By Mark Gregory on the 10th January 2018

What is equity release?

Equity release is essentially the use of the built-up equity in your property which helps to fund your retirement, home renovations, or anything that you wish to spend your money on.

There are a number of equity release products available that guarantee a lump sum of cash, future regular withdrawals, or a combination of both. The two principal forms of equity release products available are the lifetime mortgage and the home reversion plan.

The lifetime mortgage, as the name suggests, is long-term loan using your home as collateral. Interest is charged on what you have borrowed, you choose whether to make repayments, or not and the debt is repaid from the eventual sale of the property.

A home reversion plan involves the sale of part (or all) of your home, in exchange for a lump-sum or regular payments. These plans now only account for less than 1% of all equity release schemes written, due to the greater flexibility & loan sizes available with lifetime mortgages.

Equity release advantages

One of the biggest benefits of equity release is that you are able to stay in your house for the remainder of your life, or until you have to move to a care facility. It is a great way of freeing up cash without having to go through the stress of moving, or downsizing.

These plans are fully regulated by the Financial Conduct Authority which means you have a point of addressing any poor advice you may have received. In addition, the industry has a recognised trade body called the Equity Release Council, which lays down a code of conduct for all advisers, lenders & solicitors involved in transacting equity release.

Equity release risks and disadvantages

One potential negative is that it may reduce the value of any inheritance that you leave, and it could also reduce government benefits. Interest rates on lifetime mortgages tend to be higher than traditional mortgages, however they are usually fixed for the lifetime of the loan.

The longer you live at that property, the higher the amount you have to pay, assuming you make no repayments & the interest rolls-up. With a home reversion product, because the property essentially becomes co-owned, any increase in the value of the property will be split, according to the percentage owned or sold.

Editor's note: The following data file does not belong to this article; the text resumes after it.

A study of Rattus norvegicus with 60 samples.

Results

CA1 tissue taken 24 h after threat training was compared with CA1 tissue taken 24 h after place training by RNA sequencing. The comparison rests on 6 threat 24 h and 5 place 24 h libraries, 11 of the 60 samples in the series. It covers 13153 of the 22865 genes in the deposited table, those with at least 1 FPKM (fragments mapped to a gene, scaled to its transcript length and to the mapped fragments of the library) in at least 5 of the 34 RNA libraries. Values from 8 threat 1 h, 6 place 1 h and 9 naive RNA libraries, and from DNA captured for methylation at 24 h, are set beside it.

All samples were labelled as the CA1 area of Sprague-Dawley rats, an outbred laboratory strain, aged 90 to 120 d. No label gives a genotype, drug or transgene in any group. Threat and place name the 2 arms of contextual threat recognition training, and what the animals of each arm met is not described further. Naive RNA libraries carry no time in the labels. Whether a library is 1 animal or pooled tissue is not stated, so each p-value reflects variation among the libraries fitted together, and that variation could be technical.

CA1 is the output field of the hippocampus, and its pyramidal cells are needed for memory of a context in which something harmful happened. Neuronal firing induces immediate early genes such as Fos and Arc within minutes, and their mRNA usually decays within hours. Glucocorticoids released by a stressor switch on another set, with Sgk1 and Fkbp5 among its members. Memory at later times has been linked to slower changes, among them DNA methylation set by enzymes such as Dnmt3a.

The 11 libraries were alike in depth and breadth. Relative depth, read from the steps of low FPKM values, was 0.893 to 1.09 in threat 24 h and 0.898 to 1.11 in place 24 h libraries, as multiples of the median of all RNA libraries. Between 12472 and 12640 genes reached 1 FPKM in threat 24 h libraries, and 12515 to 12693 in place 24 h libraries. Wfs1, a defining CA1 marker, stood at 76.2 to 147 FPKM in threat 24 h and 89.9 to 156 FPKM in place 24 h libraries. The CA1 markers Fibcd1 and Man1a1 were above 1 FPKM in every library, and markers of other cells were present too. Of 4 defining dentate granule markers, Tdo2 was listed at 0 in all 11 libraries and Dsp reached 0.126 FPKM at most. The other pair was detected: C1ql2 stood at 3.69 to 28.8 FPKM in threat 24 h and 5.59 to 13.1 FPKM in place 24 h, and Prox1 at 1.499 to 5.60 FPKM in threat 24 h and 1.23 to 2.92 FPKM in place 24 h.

So is equity release safe?

Equity release is a fundamentally safe way of making the most of the equity in your home.

The question as to whether is ‘equity release safe’ has to be a ‘yes’ due to the aforementioned government involvement in the strict regulation of these products.

All advisers must have been previously vetted by the equity release companies to ensure they have passed the appropriate equity release qualifications needed to provide consumer advice. They cannot accept an application without these permissions.

However, to protect yourself from unexpected risk, the following exist:

  • To check if advisers have passed the required exams then they are authorised in providing equity release advice, they will be shown on the Equity Release Council’s list of qualified advisers.
  • The 'no negative equity guarantee' - this means that the combined cost of the loan and the interest can never exceed the value of your home.
  • You must have a completely independent solicitor to that of the lender
  • You are able to repay the loan at anytime, although it may be subject to early repayment charges
  • Should you wish to move, you can port the equity release scheme to a new property, assuming it meets the lenders property criteria rules

Equity release has come a long way since its roots in the 1960’s and have evolved and become a mainstream mortgage in retirement for those over 55 and looking to improve their standard of living.